Cities provide an impressive number of services, particularly considering the limited funding mechanisms available. As government entities, cities maintain infrastructure, ensure better quality of life through law and regulatory enforcement, and provide for the general welfare of its citizens. Cities frequently venture into the realm of services traditionally considered private sector, specifically in providing public utilities. This article addresses a few questions regarding the day-to-day operation of public utilities that cities frequently ask.
Utilities have varying deposit requirements for customers. The amount of deposit required may vary depending upon whether the property is owner-occupied or rental property and whether the customer has previously been disconnected from utility service for nonpayment. Kentucky law allows a utility to charge “a reasonable cash deposit.” The Kentucky Office of the Attorney General has interpreted this language to mean that utilities can charge a somewhat larger utility deposit to renters than to property owners. However, if the deposit is placed in an interest bearing account, then any interest accrued on the deposit must be returned to the customer when the service is ended and the customer is entitled to a return of the deposit.
Billing, Rates and Fees
Utility bills can be combined but cannot be added to, or included with, tax bills. Responsibility for utility bills generally lies with the customer. In Kentucky, a spouse cannot bind another spouse to a contract. This means that one spouse cannot be held responsible for the delinquent utility bills of another. However, public utilities can require owners of rental property to be responsible for the delinquent utility bills of tenants. Cities must pass a properly enacted ordinance to hold rental property owners accountable.
Rates for public utilities must be established by ordinance to give customers notice. Ordinances establishing utility rates can include provisions allowing annual adjustments tied to the Consumer Price Index. This allows cities the flexibility to account for natural fluctuations in prices but requires cities to adopt any substantial increases by ordinance.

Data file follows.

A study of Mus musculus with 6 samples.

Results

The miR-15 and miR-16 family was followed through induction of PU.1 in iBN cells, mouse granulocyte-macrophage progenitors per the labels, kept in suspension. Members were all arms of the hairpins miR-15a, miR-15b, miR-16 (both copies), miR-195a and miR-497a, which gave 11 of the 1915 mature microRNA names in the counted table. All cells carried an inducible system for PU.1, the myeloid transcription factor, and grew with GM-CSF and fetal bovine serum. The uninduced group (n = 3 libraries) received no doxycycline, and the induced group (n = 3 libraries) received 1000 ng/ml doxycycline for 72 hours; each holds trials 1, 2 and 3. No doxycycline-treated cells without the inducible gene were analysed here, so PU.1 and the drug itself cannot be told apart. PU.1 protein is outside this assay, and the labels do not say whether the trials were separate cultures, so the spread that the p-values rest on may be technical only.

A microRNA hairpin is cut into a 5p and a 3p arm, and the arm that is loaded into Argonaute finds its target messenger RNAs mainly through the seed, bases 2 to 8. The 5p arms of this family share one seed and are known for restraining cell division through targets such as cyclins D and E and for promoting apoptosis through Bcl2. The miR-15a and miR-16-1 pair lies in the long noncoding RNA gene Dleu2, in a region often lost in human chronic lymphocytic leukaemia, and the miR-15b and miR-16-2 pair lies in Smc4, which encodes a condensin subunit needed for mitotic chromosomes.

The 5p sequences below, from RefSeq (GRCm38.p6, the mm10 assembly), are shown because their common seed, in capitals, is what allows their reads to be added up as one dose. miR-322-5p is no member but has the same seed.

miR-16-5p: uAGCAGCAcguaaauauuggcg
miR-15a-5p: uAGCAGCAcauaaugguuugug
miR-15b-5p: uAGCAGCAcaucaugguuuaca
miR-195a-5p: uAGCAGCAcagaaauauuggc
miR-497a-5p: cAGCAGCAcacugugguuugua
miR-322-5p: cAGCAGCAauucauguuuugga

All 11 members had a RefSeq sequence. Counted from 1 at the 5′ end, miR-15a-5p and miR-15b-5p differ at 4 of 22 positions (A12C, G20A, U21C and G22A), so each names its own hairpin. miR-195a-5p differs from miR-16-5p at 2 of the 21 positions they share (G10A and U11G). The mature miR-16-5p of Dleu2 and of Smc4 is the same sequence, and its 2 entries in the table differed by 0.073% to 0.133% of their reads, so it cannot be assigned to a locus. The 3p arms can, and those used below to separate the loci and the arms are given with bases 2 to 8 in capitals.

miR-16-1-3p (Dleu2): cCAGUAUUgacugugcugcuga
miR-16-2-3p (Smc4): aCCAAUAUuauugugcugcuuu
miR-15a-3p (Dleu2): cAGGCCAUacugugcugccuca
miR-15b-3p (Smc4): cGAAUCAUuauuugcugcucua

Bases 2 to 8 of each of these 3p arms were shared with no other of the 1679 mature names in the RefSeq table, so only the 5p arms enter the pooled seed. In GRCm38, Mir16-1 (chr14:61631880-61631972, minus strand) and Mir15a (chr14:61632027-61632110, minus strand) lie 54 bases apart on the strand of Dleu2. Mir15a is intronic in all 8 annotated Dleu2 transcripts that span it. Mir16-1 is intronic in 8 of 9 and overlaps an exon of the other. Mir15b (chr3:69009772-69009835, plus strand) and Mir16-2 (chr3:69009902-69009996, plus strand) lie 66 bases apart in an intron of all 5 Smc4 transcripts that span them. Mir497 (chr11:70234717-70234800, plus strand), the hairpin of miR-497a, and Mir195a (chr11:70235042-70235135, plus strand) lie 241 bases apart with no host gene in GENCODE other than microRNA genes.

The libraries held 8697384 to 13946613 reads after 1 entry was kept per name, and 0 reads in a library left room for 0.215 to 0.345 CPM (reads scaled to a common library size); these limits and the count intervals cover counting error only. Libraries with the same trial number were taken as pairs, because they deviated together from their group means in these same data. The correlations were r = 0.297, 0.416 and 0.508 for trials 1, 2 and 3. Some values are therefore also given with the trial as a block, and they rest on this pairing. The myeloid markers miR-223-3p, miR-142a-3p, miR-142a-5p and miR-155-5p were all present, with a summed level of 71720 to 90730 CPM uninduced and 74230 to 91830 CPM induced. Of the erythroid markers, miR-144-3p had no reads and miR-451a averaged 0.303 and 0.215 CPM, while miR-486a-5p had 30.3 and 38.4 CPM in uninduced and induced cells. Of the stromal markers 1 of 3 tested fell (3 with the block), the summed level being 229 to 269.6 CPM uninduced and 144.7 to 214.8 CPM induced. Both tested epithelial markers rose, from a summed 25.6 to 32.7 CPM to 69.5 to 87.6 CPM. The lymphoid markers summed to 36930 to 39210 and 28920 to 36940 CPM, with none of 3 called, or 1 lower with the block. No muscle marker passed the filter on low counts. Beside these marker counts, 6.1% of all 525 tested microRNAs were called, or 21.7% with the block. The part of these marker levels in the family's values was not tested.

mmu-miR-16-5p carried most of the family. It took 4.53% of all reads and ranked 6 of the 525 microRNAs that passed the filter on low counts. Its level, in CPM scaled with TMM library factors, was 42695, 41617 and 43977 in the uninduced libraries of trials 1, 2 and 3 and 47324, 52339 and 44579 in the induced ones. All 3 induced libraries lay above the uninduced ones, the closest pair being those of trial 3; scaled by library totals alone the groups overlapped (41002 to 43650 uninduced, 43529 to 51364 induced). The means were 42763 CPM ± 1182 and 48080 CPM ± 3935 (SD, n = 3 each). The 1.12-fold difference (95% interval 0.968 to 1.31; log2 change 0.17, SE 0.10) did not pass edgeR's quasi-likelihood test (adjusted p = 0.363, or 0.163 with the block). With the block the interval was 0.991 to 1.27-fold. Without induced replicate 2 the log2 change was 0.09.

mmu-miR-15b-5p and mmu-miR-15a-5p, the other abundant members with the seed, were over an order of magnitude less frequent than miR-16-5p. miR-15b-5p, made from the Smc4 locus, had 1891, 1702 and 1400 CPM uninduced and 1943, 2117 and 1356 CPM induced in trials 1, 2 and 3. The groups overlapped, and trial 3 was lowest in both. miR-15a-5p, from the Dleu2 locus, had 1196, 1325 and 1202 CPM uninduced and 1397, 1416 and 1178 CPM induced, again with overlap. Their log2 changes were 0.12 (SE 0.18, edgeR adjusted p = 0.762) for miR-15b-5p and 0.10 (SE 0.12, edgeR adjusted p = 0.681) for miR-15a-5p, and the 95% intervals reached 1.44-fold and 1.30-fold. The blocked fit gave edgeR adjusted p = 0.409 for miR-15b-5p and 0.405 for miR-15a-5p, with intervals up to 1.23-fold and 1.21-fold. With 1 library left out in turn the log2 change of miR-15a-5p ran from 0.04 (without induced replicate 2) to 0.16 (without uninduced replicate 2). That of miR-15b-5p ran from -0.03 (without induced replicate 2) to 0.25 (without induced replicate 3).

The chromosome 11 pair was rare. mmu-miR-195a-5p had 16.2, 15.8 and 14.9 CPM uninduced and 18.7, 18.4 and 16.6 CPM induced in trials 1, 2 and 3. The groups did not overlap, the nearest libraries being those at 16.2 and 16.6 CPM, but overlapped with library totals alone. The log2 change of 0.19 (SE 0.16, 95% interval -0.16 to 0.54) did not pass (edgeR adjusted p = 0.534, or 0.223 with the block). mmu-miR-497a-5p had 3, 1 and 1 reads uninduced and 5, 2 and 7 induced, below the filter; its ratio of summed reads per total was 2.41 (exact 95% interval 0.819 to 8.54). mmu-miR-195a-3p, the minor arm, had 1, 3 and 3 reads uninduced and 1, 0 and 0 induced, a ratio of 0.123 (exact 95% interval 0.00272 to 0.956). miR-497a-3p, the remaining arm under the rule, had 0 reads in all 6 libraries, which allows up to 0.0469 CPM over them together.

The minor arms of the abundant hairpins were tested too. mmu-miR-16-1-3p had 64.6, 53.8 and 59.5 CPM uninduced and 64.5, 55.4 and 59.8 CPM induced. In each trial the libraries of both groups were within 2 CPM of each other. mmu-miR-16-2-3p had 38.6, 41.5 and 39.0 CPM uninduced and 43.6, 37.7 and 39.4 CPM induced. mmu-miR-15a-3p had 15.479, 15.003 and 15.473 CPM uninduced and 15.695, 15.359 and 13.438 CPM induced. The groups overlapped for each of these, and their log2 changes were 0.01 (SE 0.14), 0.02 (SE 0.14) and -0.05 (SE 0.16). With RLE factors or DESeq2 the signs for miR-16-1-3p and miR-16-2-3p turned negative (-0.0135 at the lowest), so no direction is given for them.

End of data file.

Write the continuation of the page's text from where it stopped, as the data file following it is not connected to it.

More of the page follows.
User fees are an option for cities to pay for necessary projects involving city utility infrastructure. Cities often pay for necessary storm water repair, water line repair, and other substantial projects by adding special user fees. These fees must be adopted through a properly enacted ordinance and cover only the cost of completing a particular project. User fees cannot simply be a new source of revenue for the city. Therefore, it is important that cities establish a separate fund for these fees and carefully track every expenditure. Should a fund exceed the cost of the project, the city must refund the excess monies to the consumers. Any city considering adopting a user fee should work with the city attorney in drafting the implementing ordinance and developing a strategy to manage the fund.
Finally, cities frequently charge fees for late payments, to reconnect services that are discontinued, for tampering with public utility equipment, credit cards, and for returned checks. Any fees charged by a public utility must be reasonable. Fees of this type can be adopted by ordinance, municipal order, or in some cases by utility board policy. Regardless of how utility fees are adopted, customers must be given notice of any potential fees before they are assessed. This means that a written ordinance, order, or policy explaining any late fees must be publicly available and provided to consumers when they sign up for service.
Public utilities can cut off service to any customer who fails to pay after being provided reasonable notice and some opportunity to object. If a utility disconnects a customer’s service in error, it will be responsible for any damages resulting from the cut off. Reasonable notice can be a matter of a few days. A disconnect process must be established in ordinance, municipal order, or utility board policy. This includes the amount of notice a customer will be given before services are disconnected, penalties, late fees and total costs, and how the customer may challenge or object. KLC suggests including information regarding public assistance agencies in late payment and disconnection notices, particularly during seasons with dangerous temperatures.
For questions or assistance on these or any other issues, please contact Morgain M. Patterson, Director of Municipal Law and Training at (859) 977-4212.